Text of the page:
Dupilumab, a Biologic Treatment for Eczema, Approved by FDA

Jackie Syrop

Dupilumab (Dupixent) is now approved by the FDA for the treatment of adults with moderate to severe eczema (atopic dermatitis, AD), which affects 7 to 8 million adults in the United States. Dupilumab is a monoclonal antibody that binds to the interleukin-4 receptor alpha subunit (IL-4Ra) that causes inflammation, inhibiting the inflammatory response that is involved in the development of atopic dermatitis. It is now a first-in-class immunotherapy for moderate to severe atopic dermatitis.

Administered as an injection under the skin, dupilumab is intended for patients whose eczema is not adequately controlled by topical therapies, or for those for in whom topical therapies are not advisable. The antibody can be used with or without topical corticosteroids.

Sanofi, which developed dupilumab in collaboration with Regeneron, plans to use social media to spread the word on the new drug and bring atopic dermatitis patients together, working with patient groups and physician thought leaders to better understand eczema and highlight dupilumab as a treatment option. Sanofi has stated that its top goal is that dupilumab gets to the right patient—the patient whose disease is not controlled with a topical steroid. “If your disease could be controlled with a topical steroid, why would you use this drug?” Sanofi Genzyme CEO David Meeker asked. “That’s not the right patient for this drug, and that to me is almost as bad as the person who badly needs it not getting it.” The company also wants to educate payers about atopic dermatitis, so they really understand the disease and the quality-of-life issues faced by patients.

Data from 3 placebo-controlled clinical trials showed dupilumab to be safe and effective. The trials involved 2119 adult with moderate to severe AD that was not adequately controlled by topical medications. Study participants who received dupilumab achieved greater response (clear or almost clear skin) and experienced itch reduction after 16 weeks of treatment, according to the FDA. Results from an ongoing phase 3 study of dupilumab, recently presented annual meeting of the American Academy of Asthma, Allergy, and Immunology (AAAAI) in Atlanta, Georgia, showed that the drug can reduce signs and symptoms of moderate-to-severe AD, and improve skin lesions and pruritus among AD patients without any major safety issues.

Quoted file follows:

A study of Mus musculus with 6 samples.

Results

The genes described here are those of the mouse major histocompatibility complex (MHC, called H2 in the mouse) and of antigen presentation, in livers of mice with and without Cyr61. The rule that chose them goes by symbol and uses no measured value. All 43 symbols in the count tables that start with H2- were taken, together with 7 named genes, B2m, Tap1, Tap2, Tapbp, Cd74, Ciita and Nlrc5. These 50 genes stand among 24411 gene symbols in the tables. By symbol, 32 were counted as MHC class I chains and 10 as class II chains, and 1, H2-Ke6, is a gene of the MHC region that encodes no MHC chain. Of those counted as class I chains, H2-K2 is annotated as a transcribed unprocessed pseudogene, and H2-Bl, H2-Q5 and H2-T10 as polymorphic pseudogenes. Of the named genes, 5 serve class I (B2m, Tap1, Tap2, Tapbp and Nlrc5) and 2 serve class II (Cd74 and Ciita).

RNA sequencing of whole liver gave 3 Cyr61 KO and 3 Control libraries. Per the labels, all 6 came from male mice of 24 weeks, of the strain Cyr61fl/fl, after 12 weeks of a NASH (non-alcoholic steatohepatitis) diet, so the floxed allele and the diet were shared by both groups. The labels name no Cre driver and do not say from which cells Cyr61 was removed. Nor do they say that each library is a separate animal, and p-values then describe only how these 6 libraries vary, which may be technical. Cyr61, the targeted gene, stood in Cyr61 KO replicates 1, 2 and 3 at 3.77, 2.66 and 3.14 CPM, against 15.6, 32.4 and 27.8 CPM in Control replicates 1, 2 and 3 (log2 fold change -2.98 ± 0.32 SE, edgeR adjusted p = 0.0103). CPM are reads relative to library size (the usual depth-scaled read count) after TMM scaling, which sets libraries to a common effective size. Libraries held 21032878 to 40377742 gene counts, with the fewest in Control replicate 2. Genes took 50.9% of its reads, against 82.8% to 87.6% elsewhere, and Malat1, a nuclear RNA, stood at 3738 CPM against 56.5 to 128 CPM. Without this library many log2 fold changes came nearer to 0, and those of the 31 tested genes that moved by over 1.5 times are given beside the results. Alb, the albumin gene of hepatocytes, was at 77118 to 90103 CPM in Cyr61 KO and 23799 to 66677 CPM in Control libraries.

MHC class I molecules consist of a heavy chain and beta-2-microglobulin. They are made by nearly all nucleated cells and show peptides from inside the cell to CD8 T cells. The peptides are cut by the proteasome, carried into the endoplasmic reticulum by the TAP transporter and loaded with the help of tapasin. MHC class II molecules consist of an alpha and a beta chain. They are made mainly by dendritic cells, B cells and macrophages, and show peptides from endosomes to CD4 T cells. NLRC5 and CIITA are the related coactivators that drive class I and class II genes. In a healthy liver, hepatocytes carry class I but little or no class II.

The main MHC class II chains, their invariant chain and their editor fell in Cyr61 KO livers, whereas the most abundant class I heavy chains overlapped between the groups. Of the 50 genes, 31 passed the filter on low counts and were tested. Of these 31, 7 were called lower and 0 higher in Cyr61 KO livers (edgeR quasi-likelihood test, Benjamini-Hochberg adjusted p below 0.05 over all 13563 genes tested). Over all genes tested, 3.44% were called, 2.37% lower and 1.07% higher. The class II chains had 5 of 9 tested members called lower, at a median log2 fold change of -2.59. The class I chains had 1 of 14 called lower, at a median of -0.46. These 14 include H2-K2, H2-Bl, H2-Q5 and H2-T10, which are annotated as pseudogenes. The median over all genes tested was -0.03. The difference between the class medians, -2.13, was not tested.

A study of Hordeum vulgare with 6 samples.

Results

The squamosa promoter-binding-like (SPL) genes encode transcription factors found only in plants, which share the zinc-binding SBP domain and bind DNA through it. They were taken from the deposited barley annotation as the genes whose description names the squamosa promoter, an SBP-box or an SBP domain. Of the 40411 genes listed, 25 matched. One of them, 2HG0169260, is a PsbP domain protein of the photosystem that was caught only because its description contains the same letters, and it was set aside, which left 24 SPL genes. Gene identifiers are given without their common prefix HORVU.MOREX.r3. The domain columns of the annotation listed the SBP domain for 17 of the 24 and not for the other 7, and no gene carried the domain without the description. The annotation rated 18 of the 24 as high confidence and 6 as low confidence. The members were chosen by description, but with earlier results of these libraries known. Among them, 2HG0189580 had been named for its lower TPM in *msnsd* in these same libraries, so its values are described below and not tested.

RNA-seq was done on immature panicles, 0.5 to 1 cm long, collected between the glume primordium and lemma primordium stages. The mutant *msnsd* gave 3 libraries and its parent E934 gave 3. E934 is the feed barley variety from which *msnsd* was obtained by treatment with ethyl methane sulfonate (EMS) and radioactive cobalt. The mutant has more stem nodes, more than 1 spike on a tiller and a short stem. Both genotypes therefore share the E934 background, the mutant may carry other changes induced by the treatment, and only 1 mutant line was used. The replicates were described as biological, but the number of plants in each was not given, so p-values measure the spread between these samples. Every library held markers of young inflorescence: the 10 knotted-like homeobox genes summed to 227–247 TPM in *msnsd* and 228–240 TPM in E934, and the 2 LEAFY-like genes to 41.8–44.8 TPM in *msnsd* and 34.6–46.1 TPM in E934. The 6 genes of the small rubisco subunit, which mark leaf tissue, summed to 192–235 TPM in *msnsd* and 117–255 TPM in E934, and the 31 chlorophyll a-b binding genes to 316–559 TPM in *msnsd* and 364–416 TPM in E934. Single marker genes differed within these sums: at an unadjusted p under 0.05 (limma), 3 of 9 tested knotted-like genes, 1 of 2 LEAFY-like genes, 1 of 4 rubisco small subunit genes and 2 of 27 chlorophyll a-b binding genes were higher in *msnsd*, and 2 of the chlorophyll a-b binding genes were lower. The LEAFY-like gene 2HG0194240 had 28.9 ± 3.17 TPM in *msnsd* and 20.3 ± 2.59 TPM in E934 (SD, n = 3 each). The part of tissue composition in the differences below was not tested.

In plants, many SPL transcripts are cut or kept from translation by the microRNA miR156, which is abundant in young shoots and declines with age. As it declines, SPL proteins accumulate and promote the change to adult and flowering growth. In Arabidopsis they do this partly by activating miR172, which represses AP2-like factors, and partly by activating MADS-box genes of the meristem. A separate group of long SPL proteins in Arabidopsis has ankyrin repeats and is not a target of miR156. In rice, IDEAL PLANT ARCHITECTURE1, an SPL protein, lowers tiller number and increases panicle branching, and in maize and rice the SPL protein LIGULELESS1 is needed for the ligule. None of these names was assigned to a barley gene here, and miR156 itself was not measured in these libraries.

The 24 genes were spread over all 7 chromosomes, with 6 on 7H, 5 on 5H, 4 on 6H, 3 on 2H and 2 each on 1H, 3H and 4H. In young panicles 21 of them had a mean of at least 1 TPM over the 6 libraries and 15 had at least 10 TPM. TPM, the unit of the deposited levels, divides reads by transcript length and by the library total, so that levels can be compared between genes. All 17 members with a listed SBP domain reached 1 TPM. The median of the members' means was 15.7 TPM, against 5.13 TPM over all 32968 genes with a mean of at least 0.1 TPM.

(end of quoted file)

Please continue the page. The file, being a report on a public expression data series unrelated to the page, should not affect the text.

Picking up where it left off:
Dupilumab can cause side effects such as serious allergic reactions and eye problems including conjunctivitis (pink eye) and inflammation of the cornea. The most common side effects include injection site reactions, cold sores in the mouth or on the lips, and eye and eyelid inflammation, including redness, swelling, and itching.

Classified as a breakthrough therapy, the drug was granted a priority review by the FDA. Sanofi said the drug will have a list price of $37,000 per year. While the price is more expensive than topical medicines and steroids currently used to treat atopic dermatitis, it is less expensive than other injectable antibody drugs for serious skin conditions such as psoriasis. Financial analysts forecast annual sales for dupilumab exceeding $4 billion by 2022.

Sanofi indicated that it has “pivotal data” on Dupixent for an asthma indication that it expects to submit to regulators for that new use in the fourth quarter of 2017. The drug is also in phase 3 trials for nasal polyposis and is being studied in food allergies and eosinophilic esophagitis.